The Greater Good: How Philanthropy Drives the American Economy and Can Save Capitalism

A persuasive re-examination of American prosperity and the generosity that has built our nation

For over a century, the United States has stood as a beacon of prosperity and democracy, proof that big business and big dreams could flourish side by side. Yet few Americans realize the crucial role that generosity plays in keeping that fragile balance. And now, with gated communities, oppressive personal debts, shrinking government, and tax and welfare reform crusades, that essential moral glue is at risk of melting away.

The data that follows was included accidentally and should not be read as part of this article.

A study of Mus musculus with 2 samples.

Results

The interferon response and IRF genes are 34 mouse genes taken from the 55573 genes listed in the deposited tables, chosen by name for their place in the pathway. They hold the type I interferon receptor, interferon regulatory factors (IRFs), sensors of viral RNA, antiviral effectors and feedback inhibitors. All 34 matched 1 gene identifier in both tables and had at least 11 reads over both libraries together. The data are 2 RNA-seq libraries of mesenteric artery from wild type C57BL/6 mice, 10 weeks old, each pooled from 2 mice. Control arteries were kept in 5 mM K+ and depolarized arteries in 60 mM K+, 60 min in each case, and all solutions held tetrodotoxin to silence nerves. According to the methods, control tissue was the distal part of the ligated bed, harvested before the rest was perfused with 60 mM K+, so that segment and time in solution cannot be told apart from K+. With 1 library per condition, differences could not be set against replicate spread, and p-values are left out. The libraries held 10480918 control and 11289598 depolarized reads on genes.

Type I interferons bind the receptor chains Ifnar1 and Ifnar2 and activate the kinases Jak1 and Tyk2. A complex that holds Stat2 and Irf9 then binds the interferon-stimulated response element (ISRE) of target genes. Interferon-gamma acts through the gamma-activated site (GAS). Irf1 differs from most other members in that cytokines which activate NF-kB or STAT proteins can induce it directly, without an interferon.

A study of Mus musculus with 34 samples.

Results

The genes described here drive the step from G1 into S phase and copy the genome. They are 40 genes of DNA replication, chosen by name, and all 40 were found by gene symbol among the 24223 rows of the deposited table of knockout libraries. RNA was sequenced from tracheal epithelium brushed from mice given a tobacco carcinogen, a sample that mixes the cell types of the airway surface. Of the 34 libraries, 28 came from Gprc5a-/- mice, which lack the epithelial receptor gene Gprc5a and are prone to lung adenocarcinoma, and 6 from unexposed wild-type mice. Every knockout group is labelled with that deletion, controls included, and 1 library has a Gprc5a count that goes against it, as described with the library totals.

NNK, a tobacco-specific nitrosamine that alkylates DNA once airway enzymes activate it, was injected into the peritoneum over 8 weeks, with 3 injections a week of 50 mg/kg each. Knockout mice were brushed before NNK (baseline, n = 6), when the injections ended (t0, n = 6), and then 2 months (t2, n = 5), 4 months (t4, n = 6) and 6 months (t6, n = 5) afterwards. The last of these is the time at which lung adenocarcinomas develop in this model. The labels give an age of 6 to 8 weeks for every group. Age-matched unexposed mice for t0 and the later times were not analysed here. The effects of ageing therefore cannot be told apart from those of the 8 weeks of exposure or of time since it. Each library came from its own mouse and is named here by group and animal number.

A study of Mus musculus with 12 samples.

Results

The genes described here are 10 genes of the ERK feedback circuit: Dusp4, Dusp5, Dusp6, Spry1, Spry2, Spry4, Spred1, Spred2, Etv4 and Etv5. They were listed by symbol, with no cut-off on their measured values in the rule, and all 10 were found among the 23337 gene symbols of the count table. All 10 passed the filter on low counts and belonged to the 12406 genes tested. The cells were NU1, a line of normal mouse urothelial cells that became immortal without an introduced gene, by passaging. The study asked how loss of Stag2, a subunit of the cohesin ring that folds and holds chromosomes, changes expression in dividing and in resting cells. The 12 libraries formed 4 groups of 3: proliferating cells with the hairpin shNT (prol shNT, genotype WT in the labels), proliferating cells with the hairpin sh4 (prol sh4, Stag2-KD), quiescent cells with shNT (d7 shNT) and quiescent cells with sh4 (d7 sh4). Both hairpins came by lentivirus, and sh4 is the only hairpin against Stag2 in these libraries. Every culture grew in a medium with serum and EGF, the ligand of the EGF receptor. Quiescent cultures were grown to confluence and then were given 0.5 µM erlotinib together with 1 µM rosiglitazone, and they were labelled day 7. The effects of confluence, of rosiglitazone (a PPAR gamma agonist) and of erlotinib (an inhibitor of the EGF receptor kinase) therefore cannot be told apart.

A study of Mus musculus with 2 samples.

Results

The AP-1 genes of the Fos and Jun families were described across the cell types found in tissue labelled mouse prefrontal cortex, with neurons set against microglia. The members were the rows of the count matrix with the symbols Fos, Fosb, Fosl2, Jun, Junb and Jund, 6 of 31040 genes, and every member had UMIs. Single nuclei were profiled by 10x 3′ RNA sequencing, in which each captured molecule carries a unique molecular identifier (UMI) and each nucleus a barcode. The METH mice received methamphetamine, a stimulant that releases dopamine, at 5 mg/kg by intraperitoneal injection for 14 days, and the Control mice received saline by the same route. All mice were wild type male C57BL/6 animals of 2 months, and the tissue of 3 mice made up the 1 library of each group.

A leading voice for community development, former Connecticut College president and scholar Claire Gaudiani explores all these issues as she examines American prosperity from the Constitution to the New Economy bust. She traces the push and pull of the robber barons and the progressive movement, the New Deal and the postwar boom, and the Me Decade and the technology revolution, finding that altruism powerfully invests in people, property, and ingenuity. Rather than pitting the capitalists against the populists, Gaudiani brings both sides to the table to reseal this fundamental social contract and provide a blueprint for a just future.

The Greater Good is a passionate, pragmatic, and, finally, optimistic manifesto for revitalizing the promise of the American economy.




A senior research scholar at Yale Law School, Claire Gaudiani served as president of Connecticut College from 1988 until 2001 and continues to serve as volunteer president of the New London Development Corporation. She lives in New Haven, Connecticut.